Treasures of the Muse in pools of dental mouthwash

THE BEST opening ever written for any book was that for Catch-22 by Joseph Heller, but then I found a better one, and I have not found a better one since. Here it is, from memory:

Bang] Bang] Bang] Bang]

Four shots ripped into my groin, and I was off on the biggest adventure of my life. . .

But first let me tell you a little about myself . . .

Anyone know where that masterpiece of writing comes from? No? It's the opening of a novel called Sleep Till Noon, by Max Shulman, which I opened one day by accident in a bookshop and which had as strong an effect on me as Chapman's Homer is supposed to have had on Keats. In the fullness of time I came across another opening to another book which is just as good in its own way, but less frivolous.

Does anyone recognise it? Nobody I know has ever guessed it correctly. And yet it's a very famous book. You have almost certainly opened it yourself. Here are the first few words.

'1. Existence. Esse, being, entity; absolute being, absoluteness, givenness; aseity, self-existence; unit of being, monad, Platonic idea . . .' And so on. Everyone who sees that opening is convinced that it must be from some religious or philosophical work, because of its incantatory, meditative quality. Only by accident, however, as in fact it comes from the start of a British reference book. It's the opening of the first entry in Roget's Thesaurus.

Ever since I felt the poetic quality of Roget, I have been looking out for similarly unsuspected qualities in an otherwise humdrum work, and it has been a long wait, but I think I have found it at last. Here is the opening of another work which I came across this week for the very first time, and which startled me rigid.

1. One man starts and stops.

2. One man approaches and stops.

3. One man departs.

4. Two men start and stop.

5. Two men approach and stop.

6. Two men depart.

7. One woman starts and stops.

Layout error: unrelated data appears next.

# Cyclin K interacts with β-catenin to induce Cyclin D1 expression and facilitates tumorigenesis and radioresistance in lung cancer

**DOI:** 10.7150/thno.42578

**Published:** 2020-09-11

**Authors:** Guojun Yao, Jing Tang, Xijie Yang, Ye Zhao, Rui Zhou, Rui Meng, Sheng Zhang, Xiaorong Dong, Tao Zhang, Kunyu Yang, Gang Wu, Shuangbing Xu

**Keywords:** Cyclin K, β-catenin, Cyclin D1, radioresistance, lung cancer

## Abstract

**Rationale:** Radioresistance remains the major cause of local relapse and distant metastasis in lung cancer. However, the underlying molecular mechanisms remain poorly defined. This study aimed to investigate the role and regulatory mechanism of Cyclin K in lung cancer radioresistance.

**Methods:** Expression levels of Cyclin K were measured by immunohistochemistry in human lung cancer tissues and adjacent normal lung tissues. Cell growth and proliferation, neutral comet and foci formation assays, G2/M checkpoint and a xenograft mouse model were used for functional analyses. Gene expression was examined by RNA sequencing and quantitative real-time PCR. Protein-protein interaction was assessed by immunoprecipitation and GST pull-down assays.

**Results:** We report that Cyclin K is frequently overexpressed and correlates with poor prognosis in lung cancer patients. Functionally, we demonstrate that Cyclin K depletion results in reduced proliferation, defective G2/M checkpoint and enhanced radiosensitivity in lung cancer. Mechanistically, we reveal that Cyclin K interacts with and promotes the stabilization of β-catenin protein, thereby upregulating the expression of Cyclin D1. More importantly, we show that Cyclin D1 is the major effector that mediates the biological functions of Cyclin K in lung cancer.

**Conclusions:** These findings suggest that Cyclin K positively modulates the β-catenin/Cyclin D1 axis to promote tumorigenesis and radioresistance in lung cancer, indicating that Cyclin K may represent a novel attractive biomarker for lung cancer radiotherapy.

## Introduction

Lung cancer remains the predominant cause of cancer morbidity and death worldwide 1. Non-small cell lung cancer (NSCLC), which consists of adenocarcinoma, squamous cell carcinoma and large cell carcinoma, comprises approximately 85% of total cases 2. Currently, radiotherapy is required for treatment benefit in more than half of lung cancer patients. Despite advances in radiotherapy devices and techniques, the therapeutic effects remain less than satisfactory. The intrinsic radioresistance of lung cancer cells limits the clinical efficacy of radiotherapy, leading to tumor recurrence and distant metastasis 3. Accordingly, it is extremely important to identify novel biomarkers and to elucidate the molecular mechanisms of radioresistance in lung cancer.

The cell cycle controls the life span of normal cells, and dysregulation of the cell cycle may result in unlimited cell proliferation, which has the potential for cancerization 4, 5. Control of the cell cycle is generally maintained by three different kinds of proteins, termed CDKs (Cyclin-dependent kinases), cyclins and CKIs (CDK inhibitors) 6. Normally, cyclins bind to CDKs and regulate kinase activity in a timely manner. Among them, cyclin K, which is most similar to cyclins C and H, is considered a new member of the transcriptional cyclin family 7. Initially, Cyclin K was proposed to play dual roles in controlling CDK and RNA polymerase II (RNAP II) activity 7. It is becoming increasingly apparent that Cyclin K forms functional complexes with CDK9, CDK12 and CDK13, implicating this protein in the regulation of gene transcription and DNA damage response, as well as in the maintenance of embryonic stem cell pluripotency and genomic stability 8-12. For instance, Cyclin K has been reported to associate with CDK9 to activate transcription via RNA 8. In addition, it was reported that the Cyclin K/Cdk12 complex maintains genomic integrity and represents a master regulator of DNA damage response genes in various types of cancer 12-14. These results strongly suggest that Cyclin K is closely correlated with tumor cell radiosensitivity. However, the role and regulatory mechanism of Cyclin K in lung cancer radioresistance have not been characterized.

8. One woman approaches and stops.

Well, that's enough to give you the flavour, I think. Anyone know the answer? A film script, maybe? It's fairly avant-garde, if it is. A bit bleak, too. Samuel Beckett, perhaps. A bit of Eugene Ionesco or Jacques Prevert? Something from a Derek Jarman film script? No?

No. It is the opening passage of the sleeve notes to a new BBC cassette entitled Essential People Sound Effects, being the start of the list of sound effects that you can find on the tape. It goes on to golf noises and medical sound effects (erratic pulse monitor, normal heartbeat, dental mouthwash . . .).

One question this raises, apart from the question of how many of us actually need recordings of people washing their mouth out, is whether there can really be that much difference between the sound of a woman walking along a country lane and that of a man doing the same, but you forget nit-picking questions like this as you read through the other evocative aural listings:

'Darts thrown at board';

'Sub-aqua, as heard by scuba diver';

'Downhill skiing, skier's perspective'; and

'Skiers passing on slope'.

All lyrical stuff - as lovingly detailed as Roget was universal. The line that pulled me up short was 'Nail being pulled', because torture is not my scene; but luckily this turned out to be part of the carpentry section sound effects (which include the touchingly human 'Handsaw through plywood - saw jams on some strokes'). After that it is plain sailing until the end, where you get this little final verse:-

1. Person falls into water (0.10)

2. Person falls into water (0.10)

3. Person falls into water (0.10)

4. Person spashes in water (1.46)

The BBC seems to think that men and women sound the same when falling into water, and they may well be right. What spashing is I am not sure, though I suppose it might just be a misprint. Maybe John Birt had borrowed the spell- check that day.

And that, I am afraid, leaves me no time to tell you about a wonderful companion work from the BBC, Essential Crowd Effects, with its mysterious opening: 'General chatter of expectant crowd with children . . .', and evocative 'Small crowd at garden party (American)', all sounding like subtitles from a Charles Ives symphony. Some other time, perhaps.